New school powers ‘deny kids justice’
SCHOOL principals will be able to find out if a student has been charged with a criminal offence when deciding whether to expel or suspend them under proposed changes before a parliamentary committee.
Gympie lawyer Chris Anderson, of Jeffery Cuddihy and Joyce, has expressed concerns that the changes would deny children of natural justice.
Under the proposed legislation changes, which will be part of a public hearing today, a school's chief executive or principal can ask the police commissioner if a student has been charged or convicted of an offence.
The police commissioner must provide this information.
The power will be given to principals to make suspension and exclusion decisions.
Mr Anderson agreed with the Queensland Law Society's objection to the proposal, which stated a principal's decision to expel or suspend a student could be based on behaviour outside the school.
He said it should be up to the court.
"I thought if a court made a determination in relation to whether a school had that information that would be appropriate," Mr Anderson said.
"But if the schools can simply get the information, and it is an unproven allegation - that is a bit of a concern. Most of them will be children after all."
He said the move would mean schools would have the power, not police.
"My main concern is that principals could exclude people from school on mere allegation alone," Mr Anderson said.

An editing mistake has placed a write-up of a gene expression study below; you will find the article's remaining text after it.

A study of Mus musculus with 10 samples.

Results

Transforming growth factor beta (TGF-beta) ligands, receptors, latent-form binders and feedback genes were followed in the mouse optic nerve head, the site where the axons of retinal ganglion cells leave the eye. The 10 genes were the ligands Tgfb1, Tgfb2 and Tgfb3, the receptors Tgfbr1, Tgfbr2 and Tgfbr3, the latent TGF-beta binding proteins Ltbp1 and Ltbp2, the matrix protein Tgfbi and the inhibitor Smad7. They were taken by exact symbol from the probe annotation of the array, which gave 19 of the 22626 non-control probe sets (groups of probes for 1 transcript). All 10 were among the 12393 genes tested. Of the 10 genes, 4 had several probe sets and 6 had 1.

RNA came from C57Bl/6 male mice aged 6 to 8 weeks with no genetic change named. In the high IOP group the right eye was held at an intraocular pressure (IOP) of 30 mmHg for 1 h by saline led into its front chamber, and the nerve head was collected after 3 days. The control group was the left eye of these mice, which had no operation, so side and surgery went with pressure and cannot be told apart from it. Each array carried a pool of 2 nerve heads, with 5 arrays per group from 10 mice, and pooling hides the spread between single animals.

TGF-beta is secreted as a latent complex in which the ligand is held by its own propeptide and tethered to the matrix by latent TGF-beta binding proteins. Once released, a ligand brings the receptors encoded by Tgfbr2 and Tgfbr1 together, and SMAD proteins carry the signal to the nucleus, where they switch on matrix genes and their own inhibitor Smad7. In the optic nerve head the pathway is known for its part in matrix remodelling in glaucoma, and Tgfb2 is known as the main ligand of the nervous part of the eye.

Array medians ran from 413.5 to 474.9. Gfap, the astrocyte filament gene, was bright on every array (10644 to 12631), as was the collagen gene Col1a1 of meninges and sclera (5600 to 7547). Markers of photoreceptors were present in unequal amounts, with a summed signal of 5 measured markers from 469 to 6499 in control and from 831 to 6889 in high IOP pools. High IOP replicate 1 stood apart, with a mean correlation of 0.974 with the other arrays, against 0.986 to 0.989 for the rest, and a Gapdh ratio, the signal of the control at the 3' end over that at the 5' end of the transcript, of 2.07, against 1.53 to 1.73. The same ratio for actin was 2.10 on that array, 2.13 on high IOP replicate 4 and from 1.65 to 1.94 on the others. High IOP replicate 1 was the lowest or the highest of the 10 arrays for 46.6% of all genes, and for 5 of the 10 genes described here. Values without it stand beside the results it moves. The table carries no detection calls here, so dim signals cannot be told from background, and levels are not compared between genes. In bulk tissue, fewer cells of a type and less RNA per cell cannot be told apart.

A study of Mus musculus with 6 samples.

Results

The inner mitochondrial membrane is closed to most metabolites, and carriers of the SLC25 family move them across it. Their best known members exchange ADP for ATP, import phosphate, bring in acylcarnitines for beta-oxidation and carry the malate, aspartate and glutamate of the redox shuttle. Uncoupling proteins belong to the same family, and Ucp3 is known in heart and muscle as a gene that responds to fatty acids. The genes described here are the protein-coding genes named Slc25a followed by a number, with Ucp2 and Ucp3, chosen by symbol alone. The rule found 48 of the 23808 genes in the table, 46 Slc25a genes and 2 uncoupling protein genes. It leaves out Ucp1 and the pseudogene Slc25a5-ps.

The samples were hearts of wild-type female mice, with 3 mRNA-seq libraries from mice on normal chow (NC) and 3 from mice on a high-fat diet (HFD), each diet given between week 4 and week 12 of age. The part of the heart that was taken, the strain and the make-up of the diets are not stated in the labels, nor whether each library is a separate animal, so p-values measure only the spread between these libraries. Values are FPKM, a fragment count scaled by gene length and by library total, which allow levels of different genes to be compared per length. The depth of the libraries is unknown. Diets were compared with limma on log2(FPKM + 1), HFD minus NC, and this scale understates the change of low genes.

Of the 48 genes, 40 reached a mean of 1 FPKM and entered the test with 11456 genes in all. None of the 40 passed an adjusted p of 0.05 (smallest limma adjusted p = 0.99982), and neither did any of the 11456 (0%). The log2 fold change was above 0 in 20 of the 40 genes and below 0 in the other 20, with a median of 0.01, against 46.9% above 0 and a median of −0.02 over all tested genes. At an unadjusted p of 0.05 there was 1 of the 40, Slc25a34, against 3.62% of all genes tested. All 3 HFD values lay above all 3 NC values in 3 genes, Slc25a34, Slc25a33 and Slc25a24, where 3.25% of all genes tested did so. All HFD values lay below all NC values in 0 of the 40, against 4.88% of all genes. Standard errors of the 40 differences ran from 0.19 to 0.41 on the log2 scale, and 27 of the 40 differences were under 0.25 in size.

QLS president Ian Brown, in a submission to the parliamentary committee, said "the presumption of innocence until proven guilty" ideals would be ditched.
"A suspension or exclusion can adversely affect the student, especially if a charge is later dropped or the student is not convicted," he said.
If a student was expelled pending a court outcome, they also would not be allowed to attend another school, Mr Brown said.
Acting Education Minister Ian Walker said the Queensland Government's first priority was safety of all students.
He said a principal could only suspend a student under this legislation if the student had been charged with or convicted of a serious offence, or any offence where it would not be appropriate for the student to attend the school while the charge was pending.
Mr Walker also said it would not apply for students enrolling at a school.
Queensland Secondary Principals' Association's Andrew Peirpoint said the debate around principals accessing students' criminal history was not new.
He said school principals needed to know what they had before them so they could put the right programs in place to protect everybody, including the student.
"We'll let the legal profession sort out the issues around that and we will dutifully enact what we're asked to enact," he said.
He said principals would apply for this information because a duty of care sat heavily on a principal's shoulders.